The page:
The Presidential Treatment
They get good grades,win academic competitions, and, much to their fellow SFSU students' consternation, enjoy priority course registration. They are SFSU's Presidential Scholars, students whose academic and personal accomplishments in high school have earned them a scholarship that offers more than just financial support for their undergraduate education. The program also offers a helping hand with scheduling classes, field trips to arts and cultural events across the city, and a chance to make new friends.
In the fall 25 Presidential Scholars joined SFSU's freshman class.
"I always enjoy getting to know the Presidential Scholars," said President Robert A. Corrigan, who founded the program at SFSU in 1995. "They are the cream of the crop -- an enthusiastic, bright and diverse group who are easily the equal of their peers at the nation's most prestigious universities."
The scholars' grades and test scores (most applicants have a grade-point average of 3.8 or higher and an SAT score of at least 1100) along with their extracurricular activities and application essays helped them rise to the top of a pool of some 400 applicants. The $17,000 scholarship provides scholars with enough money for tuition and textbooks for the next four years and, for the first time, financial assistance for housing in their first year.
The scholars get to know each other right from the start. More than half of the freshmen in the program live together on the same floor of a campus residence hall. All scholars take two general education courses and a special seminar together during their first year.
Faculty Director Ray Pestrong takes the scholars on cultural fieldtrips which include museum tours and performances by the San Francisco Symphony. "I have the best job," Pestrong says, "interacting with these students is a joy."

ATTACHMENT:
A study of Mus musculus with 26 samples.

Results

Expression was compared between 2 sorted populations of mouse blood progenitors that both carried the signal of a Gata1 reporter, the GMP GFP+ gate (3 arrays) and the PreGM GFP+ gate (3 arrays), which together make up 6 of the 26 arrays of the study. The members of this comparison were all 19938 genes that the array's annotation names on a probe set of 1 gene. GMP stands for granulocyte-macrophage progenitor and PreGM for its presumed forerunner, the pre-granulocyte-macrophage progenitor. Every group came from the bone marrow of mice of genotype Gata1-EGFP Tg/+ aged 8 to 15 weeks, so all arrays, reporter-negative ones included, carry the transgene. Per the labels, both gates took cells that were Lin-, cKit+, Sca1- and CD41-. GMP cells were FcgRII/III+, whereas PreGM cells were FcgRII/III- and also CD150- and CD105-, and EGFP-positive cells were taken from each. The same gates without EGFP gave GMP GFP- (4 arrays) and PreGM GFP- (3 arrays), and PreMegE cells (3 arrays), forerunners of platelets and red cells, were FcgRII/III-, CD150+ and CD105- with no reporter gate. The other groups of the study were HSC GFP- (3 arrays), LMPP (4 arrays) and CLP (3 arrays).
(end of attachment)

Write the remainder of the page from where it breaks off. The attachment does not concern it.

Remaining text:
Presidential Scholar Michael Rubin, a sophomore majoring in English, says the program helps academically inclined students find a balance between studying and socializing. He travels back and forth to SFSU from his home in Daly City, but because of the program, he lingers on campus more than most commuters.
"The Presidential Scholars program really ties you into all that State has to offer," he says. Rubin got to know his fellow scholars better through the classes they took together and says he especially enjoyed Eric Solomon's "Freshman First Year Experience" seminar. He found an invaluable resource in Solomon.
"Whether it was parking or blocking out my schedule, I could always come to Professor Solomon for advice and tips," Rubin says. "I always got answers. I remember one time when he was speaking with President Corrigan, he turned and asked me if I needed to speak with him. That was unbelievable."
The enriched learning environment has paid off for many graduates who have gone on to successful careers. Former Presidential Scholar Glendy Chan (B.A., '02) was accepted at UC Davis but selected SFSU for the diversity of its student body. "Being with such a talented group of individuals, most from very different backgrounds, really helped me to socialize with different types of people," Chan says. She graduated at the top of her class in the College of Business and was the student speaker at Commencement in 2002. Today she's a tax generalist at PriceWaterhouseCoopers. Former scholar Lianne Marie Dobbs (B.A., '02), who starred in a recent TheatreWorks production of Stephen Sondheim's "A Little Night Music," is making a living as an actress, has an agent, and just auditioned for her first production on Broadway.
Other scholars have continued their studies in graduate school. Raymond Wu (B.S., '03), who won first place among undergraduate students at the College of Science and Engineering's Student Project Showcase during his senior year, is now at UCLA. Nelly Lau (B.A., '02) recently received a National Science Foundation Graduate Fellowship in electrical engineering -- one of only 46 awarded nationwide -- and just entered Stanford's doctoral program in electrical engineering.
The Presidential Scholars program at SFSU is funded in part by million-dollar gifts from the Bernard Osher Foundation and Evergreen Group Chairman Y.F. Chang, who recently donated an additional $100,000 to help pay for the scholars' first year of student housing.
-- Adrianne Bee
More: Presidential Scholars make a lasting connection.